Monday, February 11, 2013

Florida #1 In U.S. Shark Attacks, Brevard #1 In FL

COCOA BEACH, Florida --  The International Shark Attack File (ISAF) released its 2012 Worldwide Shark Attack Summary today after investigating 118 alleged incidents of shark-human interaction occurring worldwide in 2012.  Eighty of those incidents were classified by ISAF as unprovoked shark attacks - up slightly from 78 in 2011.

The United States had the most shark attacks world-wide at 53.  Australia was second with 14.  The 53 attacks in the United States was the highest U.S. yearly total since 53 attacks were recorded in 2000, according to ISAF researchers from the University of Florida.

Florida had the most, and nearly half (26) of all unprovoked shark attacks in the United States.  Hawaii had the second highest (10) number of shark attacks, followed by California (5) ad South Carolina (5) tied in third place.

Within Florida, Brevard County had the highest number of shark attacks at 8.  Brevard's northern neighbor, Volusia County, came in second with 7.  ISAF says geographically adjacent counties located on the central east coast have collectively recorded more than half (54%: 360 of 663 cases) of Florida's historic shark-human interactions.  

Researchers say that this high number of shark attacks around Florida's Space Coast is attributable to very high aquatic recreational utilization of their attractive beaches and waters by both Florida residents and tourists, especially surfers, and the rich nature of Florida's marine fauna.  

Visitors to Cocoa Beach wade out towards sea gulls feeding on a school of bait fish.  The fish are swimming to the water's surface to avoid ocean predators (possibly sharks) in the water. Brevard Times / File.

Located on Central Florida's East Coast, Cocoa Beach is often frequented by tourists visiting Orlando theme parks and cruise passengers out of Port Canaveral. It is also known as the "East Coast Surf Capitol" and home of Ron Jon Surf Shop.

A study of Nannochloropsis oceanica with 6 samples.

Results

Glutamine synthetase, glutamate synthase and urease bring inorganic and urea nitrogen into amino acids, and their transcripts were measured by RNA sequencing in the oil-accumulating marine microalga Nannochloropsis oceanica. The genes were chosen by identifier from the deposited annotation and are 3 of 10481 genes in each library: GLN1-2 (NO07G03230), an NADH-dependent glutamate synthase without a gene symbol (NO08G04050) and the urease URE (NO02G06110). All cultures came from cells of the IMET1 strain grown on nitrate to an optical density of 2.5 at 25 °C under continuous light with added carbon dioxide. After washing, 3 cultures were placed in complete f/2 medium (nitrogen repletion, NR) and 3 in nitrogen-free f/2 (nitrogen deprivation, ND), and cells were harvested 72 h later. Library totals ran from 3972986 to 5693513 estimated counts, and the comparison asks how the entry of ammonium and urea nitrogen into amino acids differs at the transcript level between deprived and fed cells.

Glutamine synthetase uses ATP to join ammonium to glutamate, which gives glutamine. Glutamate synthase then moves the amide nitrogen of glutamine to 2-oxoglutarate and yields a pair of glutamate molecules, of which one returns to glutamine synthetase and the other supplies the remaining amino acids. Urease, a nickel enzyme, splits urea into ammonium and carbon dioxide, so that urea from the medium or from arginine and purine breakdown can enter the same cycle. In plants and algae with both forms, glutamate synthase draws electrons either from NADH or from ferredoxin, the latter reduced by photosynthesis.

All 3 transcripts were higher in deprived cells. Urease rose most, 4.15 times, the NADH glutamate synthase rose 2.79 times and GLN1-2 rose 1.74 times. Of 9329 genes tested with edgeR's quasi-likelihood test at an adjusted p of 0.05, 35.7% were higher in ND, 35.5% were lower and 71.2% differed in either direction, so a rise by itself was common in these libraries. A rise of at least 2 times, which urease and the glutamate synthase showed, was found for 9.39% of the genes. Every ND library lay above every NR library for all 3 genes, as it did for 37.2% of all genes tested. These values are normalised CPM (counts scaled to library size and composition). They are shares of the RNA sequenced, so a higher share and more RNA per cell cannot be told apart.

Woman attacked by shark in Brevard County. Brevard Times / File photo.

According to NOAA, the number one species for biting along the beaches on the U.S. East Coast is the blacktip shark (Carcharhinus limbatus) in the top picture.  The shark has black tips on its pectoral fins and grows to no more than about six feet. 


Seven fatalities resulted from unprovoked attacks in 2012, down from the 2011 total of 13 but above the 2001-2010 yearly average of 4.4. Fatalities were recorded in South Africa (3), Australia (2), California (1) and Reunion (1). The annual fatality rate of 8.8% was less than the 1990's average of 12.5%, but slightly higher than the 7.4% average of the first decade of this century. The trend in fatality rate has been one of constant reduction over the past 11 decades, reflective of advances in beach safety practices and medical treatment, and increased public awareness of avoiding potentially dangerous situations. 

The fatality rate in the U.S. was notably lower (1.9%) than that of rest of the world (22.2%), which researchers believe is likely reflective of the greater safety and medical capacity in areas of the U.S. where shark attacks historically occur. This highlights the need for increasing efforts to improve beach safety said ISAF, including educating the public about the risk of sharks, providing well-trained lifeguards, and advancing emergency care and medical capabilities in many areas of the world.

Surfers and others participating in board sports (60% of cases: 48 incidents) were most often involved in these incidents in 2012. Less affected recreational user groups included swimmers/waders (22%) and divers (8%). Surfers have been the most-affected user group in recent years. Researchers say that this is the probable result of the large amount of time spent by these folks engaged in provocative activity (kicking of feet, splashing of hands, and "wipeouts") in areas frequented by sharks, the surf zone.

TOP PHOTO: NOAA file photo of a black tip shark.



Truk da Surf said...

21 August 2013, 7:45 PM. Melb bch Versailles. Catching the mid break surfing into the shore break hollow tubes, lots of fun. On my paddle back out I noticed a 3" fin paralleling me 20feet to my south, another fin trailing about 8' behind. Not good. I immediately turned to shore took two big strokes and pulled my arms and legs in and stopped paddling. I was ridding a 9' Long Board.
5 seconds later the shark came up
along the north side of me, less than 10' away. It was definitely bigger than my board. As soon as his tail was even with my head, I started paddling towards the shark who was heading towards shore. About five good strokes & coasted towards shore with my arms and legs on the board. This may have startled the shark. He accelerated a little and went under. 10 more seconds went by and I was able to do a shallow two stroke paddle and catch a wave in. I should not have been out this late during this time of year. I know better, but it is hard to lay off the good stuff when it's right out your back door. I believe if I would have tried to paddle straight into shore, he would have attacked. He might have anyhow, but if you panic you look more like prey. So stay cool, stay alert, it's that time of year. Remember, I never saw much fin, but that was a big shark on the hunt. No noticeable fish schools in the area all day.
I don't know, but maybe having the fish around is better. I'm just glad I was not on my short board, a last minute call,Keep Surfing.